It’s been a while that I’ve known I will sooner or later need to give up on BlackBerry 10 and move on to a new platform. Even when I wrote a post about why I used a BlackBerry Passport, I was thinking that this might not be true for much longer. It’s also been a while that I’ve been pretty confident Windows 10 Mobile is my next best option. I finally decided to take the plunge recently and ordered the HP Elite x3, which by most accounts is the best Windows 10 Mobile device, at least for business purposes (it doesn’t touch the older Lumia devices on the camera).
You can read a full review on the HP Elite x3 here from Windows Central; I’m not going to do a full device review here. Instead, I want to break down my own experience comparing what I miss about BlackBerry 10 to what I am very happy to have now on Windows 10 Mobile.
Miss from BlackBerry 10
The Hub: Windows 10 isn’t too bad as a replacement, between the live tiles and the Action Centre. But it still isn’t quite the convenience of the BlackBerry Hub keeping all my stuff in one place.
The Physical Keyboard: The HP Elite x3 obviously doesn’t offer anything to fill this hole, aside from connected a USB or Bluetooth keyboard which I am not counting since that wouldn’t really be using it as a phone. I’m one of those people who loved having a physical keyboard to do things like write blogs for this site while I was on the bus. That is possible on a touch keyboard, sure, but even with the Windows 10 keyboard being pretty good, it isn’t as good as physical keys. I also can’t type while I walk without looking down anymore, which is significant since I am walking a lot to and from work and elsewhere.
Touch Gestures: BlackBerry 10 does a fantastic job of easily flowing around between apps using touch gestures. Windows 10 Mobile does not have that kind of flow. For example, I regularly want to be able to swipe right from the app switcher to get back to the Start screen, and nothing happens. Ditto for trying to bring up the Action Centre by swiping down from that screen. In general, it is clear that Windows 10 Mobile could use a lot more work in terms of these little polish touches.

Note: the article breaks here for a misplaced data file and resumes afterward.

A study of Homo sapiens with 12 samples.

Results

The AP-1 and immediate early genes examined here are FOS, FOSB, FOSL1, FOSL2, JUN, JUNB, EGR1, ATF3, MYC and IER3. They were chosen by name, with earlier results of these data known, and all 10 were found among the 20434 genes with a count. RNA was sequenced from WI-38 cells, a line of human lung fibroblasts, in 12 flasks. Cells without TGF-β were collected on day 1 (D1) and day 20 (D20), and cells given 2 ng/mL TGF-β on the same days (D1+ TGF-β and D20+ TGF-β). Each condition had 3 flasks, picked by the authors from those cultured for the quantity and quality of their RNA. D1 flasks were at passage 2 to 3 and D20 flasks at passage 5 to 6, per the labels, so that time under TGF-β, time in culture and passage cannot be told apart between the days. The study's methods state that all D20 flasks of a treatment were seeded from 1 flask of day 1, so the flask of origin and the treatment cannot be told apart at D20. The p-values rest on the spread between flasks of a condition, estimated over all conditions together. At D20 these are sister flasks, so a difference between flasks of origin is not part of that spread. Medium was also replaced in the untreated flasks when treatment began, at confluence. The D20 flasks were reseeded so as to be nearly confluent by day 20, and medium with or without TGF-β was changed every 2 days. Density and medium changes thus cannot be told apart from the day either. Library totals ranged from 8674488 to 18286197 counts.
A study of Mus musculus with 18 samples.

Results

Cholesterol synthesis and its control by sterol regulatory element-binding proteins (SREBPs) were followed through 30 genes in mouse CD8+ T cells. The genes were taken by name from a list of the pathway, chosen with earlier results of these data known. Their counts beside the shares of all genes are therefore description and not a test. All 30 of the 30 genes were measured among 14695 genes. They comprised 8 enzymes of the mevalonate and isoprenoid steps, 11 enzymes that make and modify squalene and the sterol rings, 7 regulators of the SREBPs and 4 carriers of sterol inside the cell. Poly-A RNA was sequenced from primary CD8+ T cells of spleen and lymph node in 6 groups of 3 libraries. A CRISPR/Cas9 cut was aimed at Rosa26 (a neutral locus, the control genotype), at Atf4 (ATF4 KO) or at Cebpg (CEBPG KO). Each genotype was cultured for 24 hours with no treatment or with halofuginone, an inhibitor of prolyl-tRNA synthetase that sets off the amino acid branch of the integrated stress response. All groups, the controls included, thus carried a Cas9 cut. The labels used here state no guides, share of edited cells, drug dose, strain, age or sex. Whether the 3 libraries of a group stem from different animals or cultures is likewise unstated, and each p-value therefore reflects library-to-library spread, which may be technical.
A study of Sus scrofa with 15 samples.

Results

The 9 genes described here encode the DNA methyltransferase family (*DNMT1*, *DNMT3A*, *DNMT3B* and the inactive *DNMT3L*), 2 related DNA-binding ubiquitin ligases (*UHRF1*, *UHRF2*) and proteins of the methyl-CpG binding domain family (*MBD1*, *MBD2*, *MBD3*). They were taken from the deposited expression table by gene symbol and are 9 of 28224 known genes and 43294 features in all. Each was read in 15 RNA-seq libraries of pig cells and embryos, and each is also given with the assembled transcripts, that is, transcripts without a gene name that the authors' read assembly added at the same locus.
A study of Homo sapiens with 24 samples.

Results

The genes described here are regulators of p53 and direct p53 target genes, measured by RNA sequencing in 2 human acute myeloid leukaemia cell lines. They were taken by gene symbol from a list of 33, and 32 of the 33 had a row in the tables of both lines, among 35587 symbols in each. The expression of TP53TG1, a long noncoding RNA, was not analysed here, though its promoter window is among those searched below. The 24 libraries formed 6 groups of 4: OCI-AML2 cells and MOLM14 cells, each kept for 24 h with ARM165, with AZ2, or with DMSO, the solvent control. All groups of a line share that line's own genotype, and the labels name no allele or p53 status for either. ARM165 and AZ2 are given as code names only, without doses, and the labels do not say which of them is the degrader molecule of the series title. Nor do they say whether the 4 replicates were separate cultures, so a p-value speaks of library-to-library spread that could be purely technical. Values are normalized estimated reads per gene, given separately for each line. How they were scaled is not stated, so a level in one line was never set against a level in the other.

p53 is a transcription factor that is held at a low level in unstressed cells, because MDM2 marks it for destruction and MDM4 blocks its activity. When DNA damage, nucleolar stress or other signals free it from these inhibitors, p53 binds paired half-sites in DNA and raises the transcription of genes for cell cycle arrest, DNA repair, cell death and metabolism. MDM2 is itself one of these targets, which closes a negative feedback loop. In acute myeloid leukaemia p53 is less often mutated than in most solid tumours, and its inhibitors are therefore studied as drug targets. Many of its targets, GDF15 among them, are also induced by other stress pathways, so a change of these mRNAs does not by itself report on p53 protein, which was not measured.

BBM: BBM is still my favourite mobile messenger. A lot of my family still uses it. They used to support Windows 8.1 and 10, but apparently pulled it from the store a few months before I got my Elite x3. This was the only loss that I did not anticipate.
Love on Windows 10 Mobile
Office apps (officially): Ultimately the reason for the switch is that I spend so much of my life in some apps of Microsoft Office365. Some of these apps work on BlackBerry 10 by installing the Android version, but it has been less and less of them. The Android runtime on BlackBerry 10 is now quite outdated, so it’s gone from supporting about 99% of Android apps – basically anything but Google services – to significantly less… understandably, BlackBerry doesn’t advertise that number anymore. Office apps that don’t work: Skype for Business, Flow, PowerApps, SharePoint, Teams. A few still did: Office365 Admin, OneNote, Office Mobile, Yammer, Outlook Groups. But still, it had finally reached the point where the “app gap” was hurting my productivity.
Start Screen: I have long held that Windows 10 has the best interface of the mobile OSes. Android and iOS are generally pretty bland grids of icons. BlackBerry 10 had some smart improvements like swiping into the Hub easily from anywhere, but it was still mostly the same idea. I love how Live Tiles can help me see important information at a glance. Years ago, Microsoft ran some ads for Windows Phone 7 essentially saying that it is a better system because you don’t have to stare at it for long periods of time – you can look at what you need and get back to real life, e.g. a father at his son’s soccer game. People made fun of that commercial saying the pitch was essentially that you should buy their phone so you don’t have to use their phone, but it stuck with me as somebody who does see a phone primarily as a tool. If I can get away with looking at a phone less while being just as productive, I’ll take it. A couple of other perks of the Start Screen compared to other systems: lots of resizing options, and I can differentiate between the most important tiles on the Start screen and the rest available in an All Apps list.
Continuum: I don’t know how much I will actually use this, but the Elite x3 does come with a Desk Dock (and optionally a Lap Dock, which I did not buy) which turns your phone into a “desktop computer” through Continuum. At least theoretically. It’s a pretty basic desktop, with a couple of big holes compared to using desktop Windows 10: you can’t run more than one app on the screen at the same time and you can’t run x86 apps. The first of those will definitely be fixed on Mobile through Continuum fairly soon. There’s rumours of the latter coming next year as well. Even as it is now, it is definitely nice in a pinch to be able to drop my phone on the dock, connected to a screen, keyboard, and mouse, and then work on several important apps. Long-term, this feature will be the differentiating factor for Windows 10 Mobile and I predict will help build up some market share again for business users.
Cortana: BlackBerry 10 did have a very basic voice assistant that I never used, in part because I had the physical keyboard that made typing it easier, but it also was less powerful. A smart virtual assistant integrated to lots of apps goes a long way. I wish it had a dedicated physical button on the side like BB10 did, though, to call it easier.